Saturday, June 21, 2008

Dinner with friends who don't like wine

To me, one of the more stressful decisions regarding wine and entertaining is what to serve when your guests aren’t that into wine.

Do you drink wine and serve them something else? Sure, this might be feasible at a dinner party atmosphere, but what if you’re only having one couple over? Doesn’t that seem rude to serve up a bottle of wine and say “hey, wanna Bud Light?”.

Do you care about pairing? I mean, will they even appreciate it? For example, if all you like is sweet wines, you won’t like a cabernet if I served it with a beautifully aged and perfectly prepared prime steak-its just not your thing. Sure, if they happen to like red and you’re serving red, it might all work out, but then what about the price?

Do you serve a cheap crap wine? Sure, that’s probably all that they’ve had, but they probably don’t like it and you certainly don’t, so why ruin your meal?

Do you serve a nice bottle and try to convert them? I mean, its unfair to give someone a glass of bad wine and expect them to understand why you like it so much. But, what if they hate the nice stuff and just slug it down to not hurt your feelings? Is that how you want your wine wasted? Do you just suck it up and say well, at least I got to have a nice wine with dinner?

I don’t recall who, but someone told me they go into the kitchen to pour and pour themselves a nice glass and their guests a crap glass. I don’t know what I think about that-that seems so dishonest and cheap. Somehow cheaper and more dishonest than serving them beer while you drink wine.

I think the best option is find a solid value wine, maybe in the $12-$15 range that you like enough to buy for $20 and serve that. Then, if they don’t like it, that’s fine- only $7.50 was wasted. It might mean some research on your part. Luckily Mr. Lush and I have done extensive research on value wines with our wedding wine tastings, so feel free to look those over for ideas. Or of course, have a fairly full bar and be able to offer them cocktails or beer or wine, so they have a choice. Probably an even better option-then if they opt for a gin & tonic, you can break out whatever you want.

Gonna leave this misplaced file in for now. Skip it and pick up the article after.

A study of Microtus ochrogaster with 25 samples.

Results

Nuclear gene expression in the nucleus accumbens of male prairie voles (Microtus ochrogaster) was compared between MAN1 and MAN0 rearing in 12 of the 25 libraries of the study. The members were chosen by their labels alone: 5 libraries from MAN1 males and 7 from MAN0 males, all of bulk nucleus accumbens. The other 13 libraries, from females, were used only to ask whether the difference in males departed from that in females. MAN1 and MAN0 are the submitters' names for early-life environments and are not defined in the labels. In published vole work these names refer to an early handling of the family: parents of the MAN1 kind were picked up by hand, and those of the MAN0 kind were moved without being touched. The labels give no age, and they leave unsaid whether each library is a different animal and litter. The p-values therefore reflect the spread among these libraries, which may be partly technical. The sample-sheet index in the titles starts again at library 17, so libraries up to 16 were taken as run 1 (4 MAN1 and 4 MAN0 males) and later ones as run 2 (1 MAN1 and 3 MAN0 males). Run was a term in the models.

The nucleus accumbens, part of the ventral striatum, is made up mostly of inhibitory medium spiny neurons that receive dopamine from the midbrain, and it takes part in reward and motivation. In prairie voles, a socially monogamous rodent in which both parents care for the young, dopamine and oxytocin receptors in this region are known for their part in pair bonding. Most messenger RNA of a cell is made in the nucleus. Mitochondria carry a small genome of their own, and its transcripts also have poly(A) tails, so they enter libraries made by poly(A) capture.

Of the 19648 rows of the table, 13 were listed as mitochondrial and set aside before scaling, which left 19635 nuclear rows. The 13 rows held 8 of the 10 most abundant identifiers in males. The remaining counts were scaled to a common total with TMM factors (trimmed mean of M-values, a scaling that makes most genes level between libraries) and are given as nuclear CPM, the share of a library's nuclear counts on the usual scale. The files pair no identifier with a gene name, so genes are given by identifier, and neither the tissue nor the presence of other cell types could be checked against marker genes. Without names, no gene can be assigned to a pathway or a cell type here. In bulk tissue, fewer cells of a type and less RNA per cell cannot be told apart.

6 comments:

LucyinStLou said...

I agree. Wines in the $15-25 range are probably MUCH nicer than non-wine drinkers are used to and if it's a good bottle, it might be enough to convert them. If not, que sera sera, at least you have something nice to drink and you tried.

WineLush said...

We ended up serving a bottle of $15 Zin (with brisket) that was from a case re-order from the Gold Medal Wine Club. Its the kind of wine that compares toa $25 bottle, but since its only available at the winery, its a good value wine.

Essentially, it was a good choice-they liked it and were "excited to have good wine".

However, I will also make sure in the future to continue to have some mixed drink and beer options, just in case.

Mo said...

Hi-
I just found your blog through lucyinstlou's. I love it!

Liked this entry and personally, think I have done all of the above. Now, usually I will do the medium level wine, and always have beer and mixed drinks available.

Mo said...

Hi-
I just found your blog through lucyinstlou's. I love it!

Liked this entry and personally, think I have done all of the above. Now, usually I will do the medium level wine, and always have beer and mixed drinks available.

WineLush said...

Mo-

Thanks for stopping by!
I went to college at ASU-miss it in the winter, not so much right now. :)

Randolph said...

Well, if it makes you feel better I would not be insulted if my hosts drank wine while offering me a beer :). I'm more of a beer connoisseur and never cared for wine that much. My wife moans when we go out to an expensive restaurant for our anniversary and I skip the wine menu and ask for the beer list, but I'm kind of set in my ways ;).